Post-election tensions flare at Iranian media expo
TEHRAN --As she watched a video at the exhibition booth of a pro-government news agency, the young Iranian woman became incensed at its portrayal of two leading opposition figures.
The video shown by Borna News accused Mir Hossein Mousavi and Mehdi Karroubi, opposition candidates in Iran's disputed June 12 presidential election, of lying and inciting sedition, with scenes of war and exploding hand grenades edited in for emphasis.
"Who is inciting here?" the woman, who gave her name only as Maryam, demanded loudly while watching the video. "The truth is clear for all to see!"
"No, it is those men who have betrayed the nation," a man with a gray moustache responded angrily. The two glared at each other. "She's crazy," the man said to the surrounding crowd. "I speak the truth," she replied.
The exchange, one of many encounters at an annual news media exposition, illustrated the simmering political tension that continues to roil Iran more than four months after President Mahmoud Ahmadinejad claimed reelection, dismissing opposition charges of widespread fraud.
In other incidents at the 16th International Exhibition of Press and News Agencies, Karroubi and a top Mousavi aide were roughed up by pro-government vigilantes over the weekend, and authorities prematurely closed the expo without explanation Monday afternoon before reopening it hours later as large crowds waited at the entrance.
Usually a low-key event showcasing Iranian news outlets and international media with offices in Iran, the expo, scheduled to run Oct. 20-27, turned into the latest indicator that Iranians remain divided after this summer's post-election violence, when dozens of people were killed and hundreds arrested in a crackdown on street protests.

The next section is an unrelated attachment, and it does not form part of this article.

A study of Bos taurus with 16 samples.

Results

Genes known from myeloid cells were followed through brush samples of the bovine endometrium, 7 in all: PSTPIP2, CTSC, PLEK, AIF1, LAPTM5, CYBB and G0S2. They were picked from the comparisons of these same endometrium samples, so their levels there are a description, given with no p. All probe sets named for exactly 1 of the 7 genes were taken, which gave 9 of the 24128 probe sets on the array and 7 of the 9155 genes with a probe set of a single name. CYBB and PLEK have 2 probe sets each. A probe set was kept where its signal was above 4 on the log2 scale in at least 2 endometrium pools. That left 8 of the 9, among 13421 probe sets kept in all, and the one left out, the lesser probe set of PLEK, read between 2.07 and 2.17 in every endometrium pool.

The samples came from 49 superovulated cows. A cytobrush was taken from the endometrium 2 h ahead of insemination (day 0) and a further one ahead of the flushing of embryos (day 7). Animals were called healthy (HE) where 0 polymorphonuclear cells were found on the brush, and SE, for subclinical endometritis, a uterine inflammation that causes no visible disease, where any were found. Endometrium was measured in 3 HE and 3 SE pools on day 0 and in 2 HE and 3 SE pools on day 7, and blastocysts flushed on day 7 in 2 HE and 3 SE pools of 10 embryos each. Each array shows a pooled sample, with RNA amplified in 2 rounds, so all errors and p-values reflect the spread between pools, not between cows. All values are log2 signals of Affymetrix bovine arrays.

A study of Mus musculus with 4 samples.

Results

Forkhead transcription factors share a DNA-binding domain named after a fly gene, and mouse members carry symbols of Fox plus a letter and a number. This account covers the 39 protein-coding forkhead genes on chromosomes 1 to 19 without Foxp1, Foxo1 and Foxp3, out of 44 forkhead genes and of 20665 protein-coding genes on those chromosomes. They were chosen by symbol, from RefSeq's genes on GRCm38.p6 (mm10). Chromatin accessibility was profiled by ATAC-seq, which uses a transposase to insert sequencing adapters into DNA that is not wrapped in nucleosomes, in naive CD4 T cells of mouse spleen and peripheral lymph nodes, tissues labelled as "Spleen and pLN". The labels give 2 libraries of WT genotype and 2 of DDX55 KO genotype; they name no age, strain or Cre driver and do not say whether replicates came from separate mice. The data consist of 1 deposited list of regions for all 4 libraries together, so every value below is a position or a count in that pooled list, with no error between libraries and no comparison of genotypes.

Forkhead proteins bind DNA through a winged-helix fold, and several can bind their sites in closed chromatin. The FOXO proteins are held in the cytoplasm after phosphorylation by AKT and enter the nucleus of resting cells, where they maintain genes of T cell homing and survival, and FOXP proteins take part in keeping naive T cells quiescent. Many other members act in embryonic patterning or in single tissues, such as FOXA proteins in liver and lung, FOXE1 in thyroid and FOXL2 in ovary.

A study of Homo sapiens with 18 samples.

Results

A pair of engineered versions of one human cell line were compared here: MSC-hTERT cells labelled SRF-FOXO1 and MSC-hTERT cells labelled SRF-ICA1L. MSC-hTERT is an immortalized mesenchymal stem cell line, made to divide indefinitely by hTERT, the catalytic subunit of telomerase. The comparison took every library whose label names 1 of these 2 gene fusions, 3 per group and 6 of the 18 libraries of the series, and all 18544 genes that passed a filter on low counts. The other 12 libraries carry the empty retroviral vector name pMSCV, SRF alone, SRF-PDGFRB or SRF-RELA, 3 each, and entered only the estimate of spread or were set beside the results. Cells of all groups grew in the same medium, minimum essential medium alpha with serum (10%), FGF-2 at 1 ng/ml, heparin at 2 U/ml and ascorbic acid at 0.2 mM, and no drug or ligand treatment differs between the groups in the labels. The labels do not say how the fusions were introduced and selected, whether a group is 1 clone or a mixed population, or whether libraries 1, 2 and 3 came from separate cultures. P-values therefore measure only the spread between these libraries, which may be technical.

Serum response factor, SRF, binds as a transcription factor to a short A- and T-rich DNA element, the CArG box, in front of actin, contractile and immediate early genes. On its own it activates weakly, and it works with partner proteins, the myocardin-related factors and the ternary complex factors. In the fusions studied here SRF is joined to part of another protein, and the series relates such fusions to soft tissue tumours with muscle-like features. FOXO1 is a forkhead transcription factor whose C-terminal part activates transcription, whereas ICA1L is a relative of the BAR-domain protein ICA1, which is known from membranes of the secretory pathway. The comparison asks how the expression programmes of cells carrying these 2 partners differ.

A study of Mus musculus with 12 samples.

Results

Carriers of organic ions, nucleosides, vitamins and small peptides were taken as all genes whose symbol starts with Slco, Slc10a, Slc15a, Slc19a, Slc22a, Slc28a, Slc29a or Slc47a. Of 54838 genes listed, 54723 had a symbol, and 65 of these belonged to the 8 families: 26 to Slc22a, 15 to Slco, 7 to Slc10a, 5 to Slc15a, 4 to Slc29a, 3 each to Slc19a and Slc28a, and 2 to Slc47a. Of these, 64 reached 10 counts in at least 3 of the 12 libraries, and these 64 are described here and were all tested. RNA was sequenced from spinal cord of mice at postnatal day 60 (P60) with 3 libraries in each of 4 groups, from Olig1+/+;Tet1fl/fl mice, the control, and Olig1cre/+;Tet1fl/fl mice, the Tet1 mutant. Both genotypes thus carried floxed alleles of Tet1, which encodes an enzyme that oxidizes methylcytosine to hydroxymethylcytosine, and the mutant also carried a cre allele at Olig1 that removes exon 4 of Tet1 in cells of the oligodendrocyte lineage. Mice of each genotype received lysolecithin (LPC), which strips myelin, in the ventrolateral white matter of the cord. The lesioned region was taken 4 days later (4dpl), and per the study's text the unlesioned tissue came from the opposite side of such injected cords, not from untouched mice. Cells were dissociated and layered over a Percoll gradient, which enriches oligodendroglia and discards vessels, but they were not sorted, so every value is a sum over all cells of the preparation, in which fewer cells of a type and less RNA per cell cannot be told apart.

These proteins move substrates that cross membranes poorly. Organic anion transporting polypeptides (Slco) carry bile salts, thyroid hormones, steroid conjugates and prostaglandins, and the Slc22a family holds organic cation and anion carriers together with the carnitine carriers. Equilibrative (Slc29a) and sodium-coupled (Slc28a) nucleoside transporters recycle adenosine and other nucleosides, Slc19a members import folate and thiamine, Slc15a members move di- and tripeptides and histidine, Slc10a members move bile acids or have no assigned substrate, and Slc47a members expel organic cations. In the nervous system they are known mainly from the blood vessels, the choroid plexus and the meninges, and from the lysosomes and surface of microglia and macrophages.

On Friday, Karroubi, a Shiite Muslim cleric, was set upon during a visit to the fair, where about 1,500 mainly state-owned domestic media outlets and 30 foreign organizations displayed their work. In the melee, one of his bodyguards drew a gun, pro-government media reported.
Opposition Web sites said the editor of a state newspaper attempted to stab Karroubi. Neither report could be independently verified. A video clip showed a disheveled Karroubi leaving the expo, his turban missing and his cloak askew.
In a separate visit Sunday, Mousavi aide Ali Reza Beheshti came under attack.
As rumors spread Saturday that Mousavi himself was about to visit the fair, shouting matches broke out between his supporters and opponents. People later said Mousavi had been stopped at the outer gate of the exhibition at Tehran's sprawling grand prayer hall complex.
Iran's main pro-government media outlets maintained slick booths at the exhibition; a few opposition newspapers and Web sites were tucked away on the sidelines. Visitors -- a mix of government supporters and middle-class Tehran residents who voted against Ahmadinejad -- openly vented their differences.